Technically Incorrect: A survey of brands suggests that there are quite a lot of people who'd prefer the government to be based in Cupertino. Or, if not, in Hollywood.

Technically Incorrect offers a slightly twisted take on the tech that's taken over our lives.


Your new president?

Josh Miller/CNET

The headline was enticing.

It was from a press release that read: "Trump? Clinton? Carson? None of the Above. Apple's Leadership Team Should Be Running U.S. Government, Says New Study."

Could it be, then, that Americans are so tired of the entitled and the blowhardy that they want corporations to conduct a coup d'etat?

Apparently 33 percent of the 1,000 adults aged 18 and over surveyed by PR firm RBB Brands chose Apple to run the government.

If Tim Cook and his team were a touch too busy, the next favorite was Walt Disney.

How tantalizing would be the prospect of lines forming outside Apple stores to hear about government policy. How equally tantalizing is the notion that Disney might be in charge. The company certainly knows how to tell a story, which is at least 70 percent of good government.

I continued to wonder, though, whether this survey -- which was performed online between October 6 and 9 -- truly represented a rejection of the political class. The current success of Donald Trump and Ben Carson suggests people are tired of careerist politicians, but are happy to have them replaced by, well, entertainers.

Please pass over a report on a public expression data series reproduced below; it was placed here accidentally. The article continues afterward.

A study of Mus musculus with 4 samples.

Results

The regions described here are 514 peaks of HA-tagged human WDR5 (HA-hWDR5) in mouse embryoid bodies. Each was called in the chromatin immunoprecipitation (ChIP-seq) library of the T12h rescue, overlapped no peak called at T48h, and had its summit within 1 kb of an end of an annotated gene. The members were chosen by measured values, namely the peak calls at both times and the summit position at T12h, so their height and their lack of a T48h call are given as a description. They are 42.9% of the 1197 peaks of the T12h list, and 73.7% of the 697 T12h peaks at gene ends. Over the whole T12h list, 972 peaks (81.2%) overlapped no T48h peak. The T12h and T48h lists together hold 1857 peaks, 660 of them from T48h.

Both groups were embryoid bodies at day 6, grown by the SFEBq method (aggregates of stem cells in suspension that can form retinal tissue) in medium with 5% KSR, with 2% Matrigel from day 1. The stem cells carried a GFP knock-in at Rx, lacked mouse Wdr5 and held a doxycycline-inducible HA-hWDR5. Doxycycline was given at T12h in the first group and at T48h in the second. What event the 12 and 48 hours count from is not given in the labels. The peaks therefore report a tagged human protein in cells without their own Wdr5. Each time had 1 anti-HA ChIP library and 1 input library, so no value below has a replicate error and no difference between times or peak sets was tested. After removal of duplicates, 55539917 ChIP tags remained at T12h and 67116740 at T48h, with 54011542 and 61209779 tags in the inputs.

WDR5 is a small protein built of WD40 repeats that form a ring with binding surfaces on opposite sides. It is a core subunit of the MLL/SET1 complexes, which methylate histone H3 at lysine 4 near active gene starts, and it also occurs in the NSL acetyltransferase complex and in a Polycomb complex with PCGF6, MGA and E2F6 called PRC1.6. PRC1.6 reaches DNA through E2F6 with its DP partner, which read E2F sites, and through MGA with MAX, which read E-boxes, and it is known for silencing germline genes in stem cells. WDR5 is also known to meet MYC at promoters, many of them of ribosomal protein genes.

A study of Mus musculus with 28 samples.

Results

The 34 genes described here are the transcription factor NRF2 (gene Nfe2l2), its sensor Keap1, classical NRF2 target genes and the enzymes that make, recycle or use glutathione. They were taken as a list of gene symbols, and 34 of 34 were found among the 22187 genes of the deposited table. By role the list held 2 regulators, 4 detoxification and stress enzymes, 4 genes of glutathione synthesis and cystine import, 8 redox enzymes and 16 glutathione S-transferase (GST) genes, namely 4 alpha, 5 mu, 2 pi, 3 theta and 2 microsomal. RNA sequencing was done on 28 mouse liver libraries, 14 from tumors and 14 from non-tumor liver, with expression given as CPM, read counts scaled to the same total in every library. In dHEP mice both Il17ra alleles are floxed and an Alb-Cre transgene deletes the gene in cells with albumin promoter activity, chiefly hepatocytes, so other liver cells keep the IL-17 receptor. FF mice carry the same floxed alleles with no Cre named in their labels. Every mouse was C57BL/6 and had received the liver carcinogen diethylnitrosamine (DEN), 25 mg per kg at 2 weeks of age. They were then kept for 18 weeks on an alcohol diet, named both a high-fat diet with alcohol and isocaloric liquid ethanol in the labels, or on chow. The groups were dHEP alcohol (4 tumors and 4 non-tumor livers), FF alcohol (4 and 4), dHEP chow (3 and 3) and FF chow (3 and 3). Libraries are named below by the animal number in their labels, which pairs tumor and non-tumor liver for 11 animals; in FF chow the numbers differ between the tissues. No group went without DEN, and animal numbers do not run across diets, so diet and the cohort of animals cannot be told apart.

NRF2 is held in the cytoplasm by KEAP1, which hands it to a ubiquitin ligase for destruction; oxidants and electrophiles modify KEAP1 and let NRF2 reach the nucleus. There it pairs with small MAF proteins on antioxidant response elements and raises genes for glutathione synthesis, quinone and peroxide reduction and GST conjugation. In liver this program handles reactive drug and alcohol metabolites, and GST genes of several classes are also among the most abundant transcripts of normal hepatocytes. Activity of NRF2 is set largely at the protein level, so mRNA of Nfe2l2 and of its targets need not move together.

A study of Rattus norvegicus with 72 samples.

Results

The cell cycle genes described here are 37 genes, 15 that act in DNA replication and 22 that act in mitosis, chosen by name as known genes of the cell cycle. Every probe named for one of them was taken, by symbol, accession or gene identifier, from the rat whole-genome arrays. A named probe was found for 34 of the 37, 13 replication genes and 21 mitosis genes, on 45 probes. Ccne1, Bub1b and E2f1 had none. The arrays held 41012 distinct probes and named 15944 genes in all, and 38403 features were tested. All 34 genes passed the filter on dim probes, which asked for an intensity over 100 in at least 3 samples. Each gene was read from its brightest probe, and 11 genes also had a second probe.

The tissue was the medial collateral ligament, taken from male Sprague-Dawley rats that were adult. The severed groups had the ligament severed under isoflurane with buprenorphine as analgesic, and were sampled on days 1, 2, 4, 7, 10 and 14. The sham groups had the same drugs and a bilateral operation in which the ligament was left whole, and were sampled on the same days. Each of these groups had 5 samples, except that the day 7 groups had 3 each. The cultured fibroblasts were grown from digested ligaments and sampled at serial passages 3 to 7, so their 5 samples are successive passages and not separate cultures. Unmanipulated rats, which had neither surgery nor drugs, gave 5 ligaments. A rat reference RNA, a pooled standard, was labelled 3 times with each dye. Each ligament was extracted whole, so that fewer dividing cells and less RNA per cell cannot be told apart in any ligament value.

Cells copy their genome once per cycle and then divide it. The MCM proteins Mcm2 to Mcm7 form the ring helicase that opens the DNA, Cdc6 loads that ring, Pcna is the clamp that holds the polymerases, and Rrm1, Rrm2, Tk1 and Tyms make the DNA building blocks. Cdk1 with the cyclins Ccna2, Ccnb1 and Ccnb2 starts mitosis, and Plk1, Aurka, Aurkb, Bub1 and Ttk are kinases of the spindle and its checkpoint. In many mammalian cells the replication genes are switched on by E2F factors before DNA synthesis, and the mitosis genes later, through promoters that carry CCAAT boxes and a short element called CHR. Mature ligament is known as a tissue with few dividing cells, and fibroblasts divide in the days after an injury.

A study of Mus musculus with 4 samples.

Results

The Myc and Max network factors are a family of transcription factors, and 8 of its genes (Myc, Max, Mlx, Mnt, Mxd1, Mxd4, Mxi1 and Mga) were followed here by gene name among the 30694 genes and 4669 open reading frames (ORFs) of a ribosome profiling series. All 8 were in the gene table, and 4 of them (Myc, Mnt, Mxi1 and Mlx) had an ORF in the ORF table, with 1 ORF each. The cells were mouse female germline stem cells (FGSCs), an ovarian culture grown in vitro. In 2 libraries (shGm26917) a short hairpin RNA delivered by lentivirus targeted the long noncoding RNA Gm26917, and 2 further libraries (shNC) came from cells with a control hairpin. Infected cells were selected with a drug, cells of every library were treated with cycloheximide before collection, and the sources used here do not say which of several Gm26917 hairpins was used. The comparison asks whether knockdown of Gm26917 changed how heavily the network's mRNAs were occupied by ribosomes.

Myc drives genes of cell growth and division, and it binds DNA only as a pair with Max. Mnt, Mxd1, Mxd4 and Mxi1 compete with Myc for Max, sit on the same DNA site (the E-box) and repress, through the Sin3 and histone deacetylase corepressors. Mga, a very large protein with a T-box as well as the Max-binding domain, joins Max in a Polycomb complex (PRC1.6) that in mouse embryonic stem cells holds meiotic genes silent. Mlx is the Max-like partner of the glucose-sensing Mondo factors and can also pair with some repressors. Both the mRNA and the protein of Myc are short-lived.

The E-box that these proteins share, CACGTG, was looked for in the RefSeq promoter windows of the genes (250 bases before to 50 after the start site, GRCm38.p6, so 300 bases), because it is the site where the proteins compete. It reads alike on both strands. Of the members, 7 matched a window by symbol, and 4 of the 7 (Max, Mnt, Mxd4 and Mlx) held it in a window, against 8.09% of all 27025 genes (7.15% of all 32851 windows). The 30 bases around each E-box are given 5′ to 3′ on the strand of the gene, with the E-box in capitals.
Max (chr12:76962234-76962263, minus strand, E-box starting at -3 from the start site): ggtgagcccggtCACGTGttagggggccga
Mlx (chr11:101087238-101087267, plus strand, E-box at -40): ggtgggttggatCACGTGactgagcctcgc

So I asked RBB Brands what the actual survey question was. It turned out to be: "Which of the following companies would do the best job if they were to take over operations of the U.S. Government?"

There was, it seems, no option to reject the likes of Trump, Carson or Hillary Clinton. And dynamic companies such as the Trump Organization weren't featured as an option either. (Facebook was an option, however. It was chosen by a mere 11 percent.)

Still, Apple must be proud that it was selected as the consumers' favorite. The company didn't immediately respond to a request for comment.

RBB Brands attributes Apple's likability and trust scores to its success at what is calls "the dating game."

"They get into the consumers' heads to achieve the kind of meaningful emotional connections that lead to loyalty," said Christine Barney, managing partner and CEO of RBB Communications.

I suppose, then, that Trump is just like Apple. He makes meaningful emotional connections that lead to loyalty.

Oh, and lead to the building of a very large wall around that loyalty too.